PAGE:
Gibson Ek High School graduate Connor Lo grew 130 pounds of fresh produce for the Issaquah Food & Clothing Bank last year. As a senior, Lo planned a legacy garden that could grow even more fresh vegetables for community members in need – a garden that new and returning Gibson Ek students can continue and maintain in years to come. But his ideas, inspiration and the research he put in go far beyond preparing the ground and sowing seeds.
Since Lo was young, he and his family have volunteered at soup kitchens. He's also something of a foodie, and loves eating delicious, fresh food. In his second year at Gibson Ek, Lo researched epigenetics – or the study of how a person's behavior and environment can cause changes that affect how their genes work – and whether lifestyle choices impact health later in life. “Connor is incredibly smart and has a passion for science,” said his adviser, Victoria Mott, who teaches chemistry and biology at Gibson Ek. When studying epigenetics, “He wanted to know: Could a high school student’s decisions today influence their children in 30 years?”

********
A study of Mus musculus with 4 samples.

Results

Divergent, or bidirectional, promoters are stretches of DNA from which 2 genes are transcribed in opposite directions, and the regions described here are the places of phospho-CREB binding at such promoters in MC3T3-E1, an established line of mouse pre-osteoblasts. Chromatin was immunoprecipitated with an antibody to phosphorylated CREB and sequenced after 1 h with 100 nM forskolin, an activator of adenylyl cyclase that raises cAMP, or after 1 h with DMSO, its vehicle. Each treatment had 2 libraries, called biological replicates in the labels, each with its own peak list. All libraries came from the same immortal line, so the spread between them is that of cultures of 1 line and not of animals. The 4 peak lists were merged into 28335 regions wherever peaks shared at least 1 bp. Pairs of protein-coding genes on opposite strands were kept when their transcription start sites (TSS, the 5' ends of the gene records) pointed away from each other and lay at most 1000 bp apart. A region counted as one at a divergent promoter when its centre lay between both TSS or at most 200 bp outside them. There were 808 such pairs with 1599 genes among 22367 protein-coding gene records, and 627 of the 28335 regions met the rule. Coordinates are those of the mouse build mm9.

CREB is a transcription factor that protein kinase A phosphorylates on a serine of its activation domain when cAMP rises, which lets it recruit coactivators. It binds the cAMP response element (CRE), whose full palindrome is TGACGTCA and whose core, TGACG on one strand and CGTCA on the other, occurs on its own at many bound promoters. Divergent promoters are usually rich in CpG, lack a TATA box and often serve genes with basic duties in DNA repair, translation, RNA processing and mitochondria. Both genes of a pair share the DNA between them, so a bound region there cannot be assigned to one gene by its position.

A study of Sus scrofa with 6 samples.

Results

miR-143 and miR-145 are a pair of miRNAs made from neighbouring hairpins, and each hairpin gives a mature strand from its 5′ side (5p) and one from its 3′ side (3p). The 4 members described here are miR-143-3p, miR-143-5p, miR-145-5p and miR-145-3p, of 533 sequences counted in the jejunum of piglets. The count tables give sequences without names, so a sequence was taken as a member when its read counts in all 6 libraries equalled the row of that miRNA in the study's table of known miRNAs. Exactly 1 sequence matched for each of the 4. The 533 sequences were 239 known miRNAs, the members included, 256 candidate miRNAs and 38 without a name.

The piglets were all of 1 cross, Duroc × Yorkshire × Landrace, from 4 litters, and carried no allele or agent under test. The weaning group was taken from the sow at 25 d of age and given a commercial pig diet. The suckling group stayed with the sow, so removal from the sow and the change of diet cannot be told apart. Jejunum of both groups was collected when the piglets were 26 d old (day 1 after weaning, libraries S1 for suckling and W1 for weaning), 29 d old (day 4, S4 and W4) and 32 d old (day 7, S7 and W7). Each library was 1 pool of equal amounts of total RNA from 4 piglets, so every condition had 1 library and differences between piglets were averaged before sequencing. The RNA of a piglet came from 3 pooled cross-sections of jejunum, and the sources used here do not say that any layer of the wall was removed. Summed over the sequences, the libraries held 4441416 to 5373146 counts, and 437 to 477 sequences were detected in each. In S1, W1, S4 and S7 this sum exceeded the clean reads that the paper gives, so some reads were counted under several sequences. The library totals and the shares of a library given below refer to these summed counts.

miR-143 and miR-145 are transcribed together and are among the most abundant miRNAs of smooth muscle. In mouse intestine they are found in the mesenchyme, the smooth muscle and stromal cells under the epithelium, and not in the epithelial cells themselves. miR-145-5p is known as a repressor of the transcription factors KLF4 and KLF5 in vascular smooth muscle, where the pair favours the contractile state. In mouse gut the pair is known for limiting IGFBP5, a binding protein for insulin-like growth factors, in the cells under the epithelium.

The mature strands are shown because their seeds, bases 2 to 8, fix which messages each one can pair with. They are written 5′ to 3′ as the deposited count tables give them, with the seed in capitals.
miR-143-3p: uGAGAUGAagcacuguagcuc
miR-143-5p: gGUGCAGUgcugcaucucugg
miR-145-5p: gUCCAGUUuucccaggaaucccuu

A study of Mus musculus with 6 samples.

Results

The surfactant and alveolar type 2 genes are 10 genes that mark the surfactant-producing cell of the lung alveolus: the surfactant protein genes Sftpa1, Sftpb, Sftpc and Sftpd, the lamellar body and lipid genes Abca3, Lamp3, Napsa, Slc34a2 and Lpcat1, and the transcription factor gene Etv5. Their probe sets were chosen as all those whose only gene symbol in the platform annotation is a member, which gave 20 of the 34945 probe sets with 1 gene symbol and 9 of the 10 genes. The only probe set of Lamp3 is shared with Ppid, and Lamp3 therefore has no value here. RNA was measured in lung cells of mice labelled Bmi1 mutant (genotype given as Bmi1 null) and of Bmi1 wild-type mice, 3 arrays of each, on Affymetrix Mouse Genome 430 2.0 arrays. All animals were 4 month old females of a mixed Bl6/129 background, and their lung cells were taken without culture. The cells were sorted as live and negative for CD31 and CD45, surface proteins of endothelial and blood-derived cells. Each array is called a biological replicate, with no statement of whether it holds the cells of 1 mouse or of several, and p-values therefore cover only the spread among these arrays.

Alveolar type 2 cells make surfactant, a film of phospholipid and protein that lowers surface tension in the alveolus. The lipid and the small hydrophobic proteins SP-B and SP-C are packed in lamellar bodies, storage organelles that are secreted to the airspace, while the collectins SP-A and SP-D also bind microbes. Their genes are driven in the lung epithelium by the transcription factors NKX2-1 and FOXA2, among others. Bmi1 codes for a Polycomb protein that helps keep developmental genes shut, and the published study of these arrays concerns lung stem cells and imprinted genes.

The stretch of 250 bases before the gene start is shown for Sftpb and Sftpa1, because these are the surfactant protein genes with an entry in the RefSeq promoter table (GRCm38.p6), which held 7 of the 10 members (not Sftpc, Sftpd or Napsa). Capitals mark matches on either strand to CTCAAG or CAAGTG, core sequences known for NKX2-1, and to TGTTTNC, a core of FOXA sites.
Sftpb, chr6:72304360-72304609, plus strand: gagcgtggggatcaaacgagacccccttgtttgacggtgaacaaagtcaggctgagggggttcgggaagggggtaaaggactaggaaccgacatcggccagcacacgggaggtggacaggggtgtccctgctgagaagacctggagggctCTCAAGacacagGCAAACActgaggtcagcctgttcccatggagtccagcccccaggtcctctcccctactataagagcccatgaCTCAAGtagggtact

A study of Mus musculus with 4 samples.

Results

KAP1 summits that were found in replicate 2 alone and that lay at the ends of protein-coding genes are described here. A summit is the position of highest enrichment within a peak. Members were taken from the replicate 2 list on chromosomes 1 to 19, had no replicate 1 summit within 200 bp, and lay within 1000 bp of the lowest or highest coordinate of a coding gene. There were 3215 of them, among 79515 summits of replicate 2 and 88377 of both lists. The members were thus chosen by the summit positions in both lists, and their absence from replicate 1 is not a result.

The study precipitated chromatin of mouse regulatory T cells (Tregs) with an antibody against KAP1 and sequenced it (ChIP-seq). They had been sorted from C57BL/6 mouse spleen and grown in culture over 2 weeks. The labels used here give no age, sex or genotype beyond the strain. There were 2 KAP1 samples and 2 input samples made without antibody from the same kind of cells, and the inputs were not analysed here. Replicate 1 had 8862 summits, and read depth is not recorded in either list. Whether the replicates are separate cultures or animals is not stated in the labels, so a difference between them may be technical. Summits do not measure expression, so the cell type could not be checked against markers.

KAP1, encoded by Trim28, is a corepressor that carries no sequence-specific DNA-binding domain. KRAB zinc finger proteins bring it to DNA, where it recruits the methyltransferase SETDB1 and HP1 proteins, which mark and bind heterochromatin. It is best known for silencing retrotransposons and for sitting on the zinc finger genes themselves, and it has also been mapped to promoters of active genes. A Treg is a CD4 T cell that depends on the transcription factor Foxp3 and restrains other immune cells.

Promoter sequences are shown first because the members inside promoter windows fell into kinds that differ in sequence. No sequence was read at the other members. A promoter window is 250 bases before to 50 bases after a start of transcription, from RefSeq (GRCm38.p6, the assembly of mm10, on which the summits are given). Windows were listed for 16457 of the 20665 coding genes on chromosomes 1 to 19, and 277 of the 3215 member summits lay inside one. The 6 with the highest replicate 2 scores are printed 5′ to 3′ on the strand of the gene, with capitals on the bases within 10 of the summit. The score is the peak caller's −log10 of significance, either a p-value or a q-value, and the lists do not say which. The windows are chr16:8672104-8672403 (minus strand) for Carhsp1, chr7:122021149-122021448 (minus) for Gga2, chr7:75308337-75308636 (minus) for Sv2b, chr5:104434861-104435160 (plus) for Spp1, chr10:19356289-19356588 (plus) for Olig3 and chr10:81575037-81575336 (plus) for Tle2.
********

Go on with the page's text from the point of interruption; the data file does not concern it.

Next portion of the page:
Each of those pieces played into his capstone project, which brings together his work of growing fresh produce to help break the cycle of food insecurity with his research into the myriad of ways that not having easy access to good nutrition can affect people.
During the height of the pandemic, Lo and his family were looking for new ways to help those in need. “I was just trying to find a way to help,” Lo said, noting that they were still cooking and dropping off meals for others throughout the Seattle area. “We’re Chinese, and food is a symbol of hospitality. We put a lot of effort into our meals, and I don’t think having money should be the deciding factor in being able to eat what you want to eat.”
Read the whole story on the Issaquah School District website.